Perhaps best-known for his role playing British secret agent James Bond, actor Sir Roger Moore’s next mission involves taking on an educational project in the kids digital space.
The British icon, along with acting greats Dame Joan Collins, Ewan McGregor and Stephen Fry, has lent his voice to a new children’s app called GivingTales.
Available for iOS, Android and Windows Phone 8 devices, the storybook app launched yesterday worldwide. It offers interactive versions of Hans Christian Andersen’s classic stories, read by Moore and crew, modernized and condensed to fit the digital format.
As part of the project’s commitment to education, 30% of the app’s revenue will be donated to UNICEF UK, for which Moore and McGregor are longtime ambassadors. The nonprofit org will put the funds towards educating and supporting kids around the globe.
The app comes from the minds of Danish entrepreneur Klaus Lovgreen and Jacob Moller, CEO of Denmark-based games development company Kiloo. Three years back, Lovgreen happened to have a conversation with Moore’s son (Christian Moore) in which the topic of the app came up.
“I was having a discussion with Christian Moore, just general brainstorming,” Lovgreen recalls. “I said it would be nice if we could get some celebrities to read it up, and did he think his dad might want to read one of these stories? He called him right there and then. That was really how it came about.”
The GivingTales chairman notes that the former James Bond actor was excited about the idea, and helped bring aboard the rest of the voice cast. Soon after, Lovgreen and Moeller launched a same-name tech startup, located in Budapest, Hungary, to create the mobile offering.
One free title, The Princess and the Pea, read by Sir Roger Moore, also accompanies the app. Each additional story is available for US$3.99, including The Emperor’s New Clothes (Dame Joan Collins), The Little Match Girl (Ewan McGregor) and The Ugly Duckling (Stephen Fry).
“It’s for children and adults alike,” Lovgreen contends. “I think that’s really the essence of it, that you can also read it as a parent and enjoy it as well.”
He is banking on the famous names to help entice parents to download. The actors’ social media reach will also help in marketing the app. One tweet from Stephen Fry, for example, puts the news about GivingTales in front of 10.2 million followers.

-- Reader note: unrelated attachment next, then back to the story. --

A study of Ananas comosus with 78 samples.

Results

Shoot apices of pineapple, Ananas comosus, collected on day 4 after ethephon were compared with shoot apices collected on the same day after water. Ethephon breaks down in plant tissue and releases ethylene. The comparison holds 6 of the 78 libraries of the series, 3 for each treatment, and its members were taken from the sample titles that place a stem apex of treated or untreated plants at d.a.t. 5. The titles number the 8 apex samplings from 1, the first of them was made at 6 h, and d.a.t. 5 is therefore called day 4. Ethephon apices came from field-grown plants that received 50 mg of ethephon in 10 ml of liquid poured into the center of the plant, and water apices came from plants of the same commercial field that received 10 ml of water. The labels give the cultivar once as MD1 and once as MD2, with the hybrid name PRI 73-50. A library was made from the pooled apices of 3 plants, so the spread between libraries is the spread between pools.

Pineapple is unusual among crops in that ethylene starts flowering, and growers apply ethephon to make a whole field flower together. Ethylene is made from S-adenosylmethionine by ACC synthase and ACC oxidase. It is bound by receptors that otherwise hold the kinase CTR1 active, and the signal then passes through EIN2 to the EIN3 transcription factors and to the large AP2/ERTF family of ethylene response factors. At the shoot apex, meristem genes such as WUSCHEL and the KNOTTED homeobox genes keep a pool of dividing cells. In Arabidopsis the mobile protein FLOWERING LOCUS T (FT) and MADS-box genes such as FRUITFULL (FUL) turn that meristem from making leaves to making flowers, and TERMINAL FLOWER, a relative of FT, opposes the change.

“Roger Moore and Joan Collins and so forth, they were heroes when I was growing up,” notes Lovgreen. “We are targeting this at parents who choose these stories because they know the actors. It’s very hard to get any attention out there, particularly when you start from scratch. We’re very much hoping the reach of the celebrities we work with will help give us momentum.”
As for the strategy behind the app’s design, Lovgreen wanted to bring the classics to the book app realm, which tends to house newer stories.
“I think it’s also important to bring the more classic tales to children,” says Lovgreen. “These stories have been around for more than 100 years, so they’ve proven themselves.”
Lovgreen notes that the team at GivingTales did update the titles slightly, condensing the stories and putting their moral lessons more front and center.
“If you take a story like The Ugly Duckling, which is very much about bullying and self-belief and those sort of themes, it wasn’t that obvious in the original,” Lovgreen explains. “The original stories are very long and some of them are very dark.” In the Little Match Girl, for instance, the young heroine freezes to death.
“Our objective is to try and create the best possible versions of fairy tales for children, so they can learn and enjoy and get some of the morals and wonderful learnings from these stories,” notes Lovgreen. “One of the other things we have done, which I think is very important, is to condense the stories down to anywhere between six and 10 minutes, so that it’s easy for children to consume in one sitting.”
In each story, as the actors read the words, the text is highlighted for kids to follow along. Parents can switch the function on or off for different levels of readers, as well as the actors’ voices, so kids can read on their own.
“Each of the illustrations, you can see there’s some animation built into it,” says Lovgreen. “We have tried to keep it simple so that you’re not too distracted by what is going on and try to focus on the story itself.”
Going forward, the studio has additional releases slated to roll out later this year, featuring different actors and stories.
“It’s all about creating products these days that are sharable,” Lovgreen contends. “If parents like it, they’ll spread the word.”